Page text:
NEW DELHI, SEPT 05, 2022
The operating margin of domestic primary steelmakers is estimated to fall to 14-16% in the first half of this fiscal, compared with a decadal high 30% for the whole of last fiscal, due to high input costs, lower realisations and imposition of export duty on finished steel products, among other reasons, says a CRISIL report.
In the second half of this fiscal, however, margin pressure is expected to ease — led by lower production cost because of declining raw material prices and steady realisations backed by robust domestic demand — lifting it above 25%, it added.
Consequently, operating margin will be a robust 22-24% for the full fiscal — a good 700-800 basis points (bps) lower on-year, but higher than the pre-pandemic average of 20% logged between fiscals 2017 and 2020.
The first quarter of the fiscal witnessed significant decline in steel prices with high input costs. Though input prices have since corrected, its impact will be felt only towards the end of the second quarter, leading to a subdued first half.
Global coking coal, a key raw material that comprises 40% of the production cost and is usually imported by domestic steel manufacturers, has seen the price plummet from a historical high of ~$600 per tonne in March to $250 in August due to improved supply from Australian mines and weakening demand from global steel producers. The price is expected to remain benign as supply improves and the global demand outlook remains weak.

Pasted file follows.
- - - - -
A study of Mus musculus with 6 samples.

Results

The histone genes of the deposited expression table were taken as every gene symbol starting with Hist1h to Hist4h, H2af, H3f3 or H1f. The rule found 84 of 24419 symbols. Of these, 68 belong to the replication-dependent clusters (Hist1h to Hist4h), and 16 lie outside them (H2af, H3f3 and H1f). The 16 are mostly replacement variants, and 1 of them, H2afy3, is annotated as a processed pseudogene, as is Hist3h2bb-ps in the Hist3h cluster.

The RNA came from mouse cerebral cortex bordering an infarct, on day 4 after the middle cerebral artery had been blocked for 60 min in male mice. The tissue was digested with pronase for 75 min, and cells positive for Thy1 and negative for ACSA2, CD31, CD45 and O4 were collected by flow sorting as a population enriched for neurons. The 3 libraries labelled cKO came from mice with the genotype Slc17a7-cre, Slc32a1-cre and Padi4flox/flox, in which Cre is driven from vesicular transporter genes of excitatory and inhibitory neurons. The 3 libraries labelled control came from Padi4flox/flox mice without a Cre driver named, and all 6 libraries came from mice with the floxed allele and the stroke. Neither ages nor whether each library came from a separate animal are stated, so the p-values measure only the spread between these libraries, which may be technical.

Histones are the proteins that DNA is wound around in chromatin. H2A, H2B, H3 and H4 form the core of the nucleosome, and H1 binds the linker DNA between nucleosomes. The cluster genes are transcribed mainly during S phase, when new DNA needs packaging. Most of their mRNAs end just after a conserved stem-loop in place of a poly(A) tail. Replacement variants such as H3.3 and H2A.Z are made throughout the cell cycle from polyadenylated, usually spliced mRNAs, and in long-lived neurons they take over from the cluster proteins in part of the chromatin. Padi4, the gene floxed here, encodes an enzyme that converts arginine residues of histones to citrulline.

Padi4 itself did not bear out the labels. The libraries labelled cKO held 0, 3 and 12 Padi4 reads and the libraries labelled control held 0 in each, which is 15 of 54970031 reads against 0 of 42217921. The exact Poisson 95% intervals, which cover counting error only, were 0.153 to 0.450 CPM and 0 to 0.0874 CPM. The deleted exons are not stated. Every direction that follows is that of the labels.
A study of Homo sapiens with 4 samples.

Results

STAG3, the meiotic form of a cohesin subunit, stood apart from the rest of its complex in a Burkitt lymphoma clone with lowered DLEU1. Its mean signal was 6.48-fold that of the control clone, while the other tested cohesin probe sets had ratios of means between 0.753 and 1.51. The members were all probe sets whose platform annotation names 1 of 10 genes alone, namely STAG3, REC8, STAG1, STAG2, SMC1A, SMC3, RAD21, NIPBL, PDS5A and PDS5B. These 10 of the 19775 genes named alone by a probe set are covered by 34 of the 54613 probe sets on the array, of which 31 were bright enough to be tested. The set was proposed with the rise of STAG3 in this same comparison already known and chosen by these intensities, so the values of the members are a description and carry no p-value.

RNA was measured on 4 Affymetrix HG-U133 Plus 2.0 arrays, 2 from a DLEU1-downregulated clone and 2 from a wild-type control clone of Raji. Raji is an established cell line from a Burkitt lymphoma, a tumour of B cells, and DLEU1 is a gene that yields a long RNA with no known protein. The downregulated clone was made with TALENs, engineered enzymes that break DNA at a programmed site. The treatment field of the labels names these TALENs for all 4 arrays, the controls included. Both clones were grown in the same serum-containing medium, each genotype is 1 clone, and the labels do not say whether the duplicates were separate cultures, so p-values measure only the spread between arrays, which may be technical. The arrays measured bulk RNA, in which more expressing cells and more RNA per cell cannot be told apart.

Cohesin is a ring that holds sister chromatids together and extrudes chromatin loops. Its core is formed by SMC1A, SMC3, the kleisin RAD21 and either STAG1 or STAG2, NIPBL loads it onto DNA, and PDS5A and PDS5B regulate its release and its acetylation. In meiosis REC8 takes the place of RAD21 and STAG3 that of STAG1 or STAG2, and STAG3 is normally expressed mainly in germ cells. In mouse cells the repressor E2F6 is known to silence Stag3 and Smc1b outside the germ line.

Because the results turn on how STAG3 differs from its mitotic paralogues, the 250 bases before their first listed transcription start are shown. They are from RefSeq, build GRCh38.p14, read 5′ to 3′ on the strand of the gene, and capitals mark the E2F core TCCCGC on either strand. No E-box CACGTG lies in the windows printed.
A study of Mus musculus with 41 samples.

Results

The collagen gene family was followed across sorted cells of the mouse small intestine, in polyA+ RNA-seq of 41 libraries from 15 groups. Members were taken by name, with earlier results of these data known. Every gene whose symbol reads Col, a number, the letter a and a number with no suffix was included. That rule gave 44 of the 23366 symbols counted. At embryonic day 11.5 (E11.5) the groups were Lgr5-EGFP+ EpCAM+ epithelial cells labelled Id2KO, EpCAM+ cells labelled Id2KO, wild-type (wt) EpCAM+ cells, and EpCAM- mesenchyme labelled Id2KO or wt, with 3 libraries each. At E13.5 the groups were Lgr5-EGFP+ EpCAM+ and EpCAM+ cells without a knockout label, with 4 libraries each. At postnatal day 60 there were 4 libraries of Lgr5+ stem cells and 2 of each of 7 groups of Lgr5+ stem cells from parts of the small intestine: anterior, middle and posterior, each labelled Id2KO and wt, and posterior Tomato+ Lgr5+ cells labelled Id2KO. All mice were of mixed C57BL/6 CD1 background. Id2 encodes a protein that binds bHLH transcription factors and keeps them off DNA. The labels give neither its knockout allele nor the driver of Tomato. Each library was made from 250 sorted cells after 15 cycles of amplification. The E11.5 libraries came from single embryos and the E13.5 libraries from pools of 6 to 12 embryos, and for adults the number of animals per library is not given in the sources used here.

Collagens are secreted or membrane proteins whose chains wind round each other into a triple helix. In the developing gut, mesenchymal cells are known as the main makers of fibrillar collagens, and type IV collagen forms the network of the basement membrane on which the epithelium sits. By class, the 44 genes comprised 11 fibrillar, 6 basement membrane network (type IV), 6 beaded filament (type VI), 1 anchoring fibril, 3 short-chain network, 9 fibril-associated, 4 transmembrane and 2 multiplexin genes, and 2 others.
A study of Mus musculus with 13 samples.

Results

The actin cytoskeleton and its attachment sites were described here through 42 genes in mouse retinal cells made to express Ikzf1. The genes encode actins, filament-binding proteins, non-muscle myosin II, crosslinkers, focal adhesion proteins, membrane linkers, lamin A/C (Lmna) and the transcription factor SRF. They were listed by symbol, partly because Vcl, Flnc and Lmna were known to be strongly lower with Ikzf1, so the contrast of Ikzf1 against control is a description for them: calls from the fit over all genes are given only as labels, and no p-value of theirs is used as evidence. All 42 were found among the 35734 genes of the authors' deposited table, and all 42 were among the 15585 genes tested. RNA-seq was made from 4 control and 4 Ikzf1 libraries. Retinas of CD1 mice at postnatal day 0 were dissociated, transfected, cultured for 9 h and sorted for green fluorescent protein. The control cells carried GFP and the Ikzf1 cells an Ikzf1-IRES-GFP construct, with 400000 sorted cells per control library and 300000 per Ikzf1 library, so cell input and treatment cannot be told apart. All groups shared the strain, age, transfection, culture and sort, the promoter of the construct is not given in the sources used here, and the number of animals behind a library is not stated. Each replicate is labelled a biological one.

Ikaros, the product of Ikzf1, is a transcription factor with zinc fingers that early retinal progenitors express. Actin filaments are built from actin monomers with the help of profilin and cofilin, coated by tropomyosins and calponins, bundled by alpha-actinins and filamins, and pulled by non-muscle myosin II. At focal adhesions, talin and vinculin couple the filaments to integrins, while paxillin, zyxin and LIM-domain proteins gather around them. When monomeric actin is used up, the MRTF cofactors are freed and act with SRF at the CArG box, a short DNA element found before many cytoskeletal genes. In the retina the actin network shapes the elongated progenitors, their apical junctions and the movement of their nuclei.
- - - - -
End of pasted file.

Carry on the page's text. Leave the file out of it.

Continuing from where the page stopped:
“Iron ore, sourced domestically and accounting for 15-20% of the production cost, has also shed more than 50% in price since May 2022 on account of increased domestic supply due to imposition of export duty of 50% on iron ore and 45% on pellets. The lower raw material prices, mainly global coking coal and domestic iron ore, may reduce production cost for domestic steelmakers by ~30% in the second half this fiscal,” said Ankit Hakhu, Director, CRISIL Ratings,
Realisations have also fallen in the first half as export duty, coupled with a moderation in domestic demand, pulled down domestic steel prices nearly 25% since April to Rs 57,000 per tonne in August. Global steel prices dropped 28% as lockdowns in China impacted global demand.
For the rest of the fiscal, global prices are likely to remain rangebound, amid a lifting of Covid restrictions by China and growing expectations of lower production curbs to meet decarbonisation goals in the second half.
“Domestic realisations are likely to find support from a revival in domestic demand — infrastructure, capital goods and automotives are expected to drive domestic steel demand growth to 6-8% this fiscal. This, along with reduced cost of production, could increase operating margin to more than 25% in the second half from an estimated 14-16% in the first,” said Hetal Gandhi, Director, CRISIL Research.
Margins for the full fiscal will still be higher than the pre-pandemic average, which should ensure sufficient accruals for continued capital expenditure towards capacity expansion. Players have also strengthened their balance sheets over the past few fiscals through deleveraging, which has eased financial pressures and will keep credit profiles stable, indicates a CRISIL Ratings study of the top five steelmakers accounting for 60% of domestic production.
The net debt to Ebitda ratio is expected to sustain around 1 time this fiscal, while interest coverage will be more than 7 times compared with more than 9 times last fiscal.
That said, a sharper-than-expected correction in global and domestic steel prices, weaker domestic demand, significantly higher-than-expected input costs and imposition of any incremental tax/duty will be key monitorables.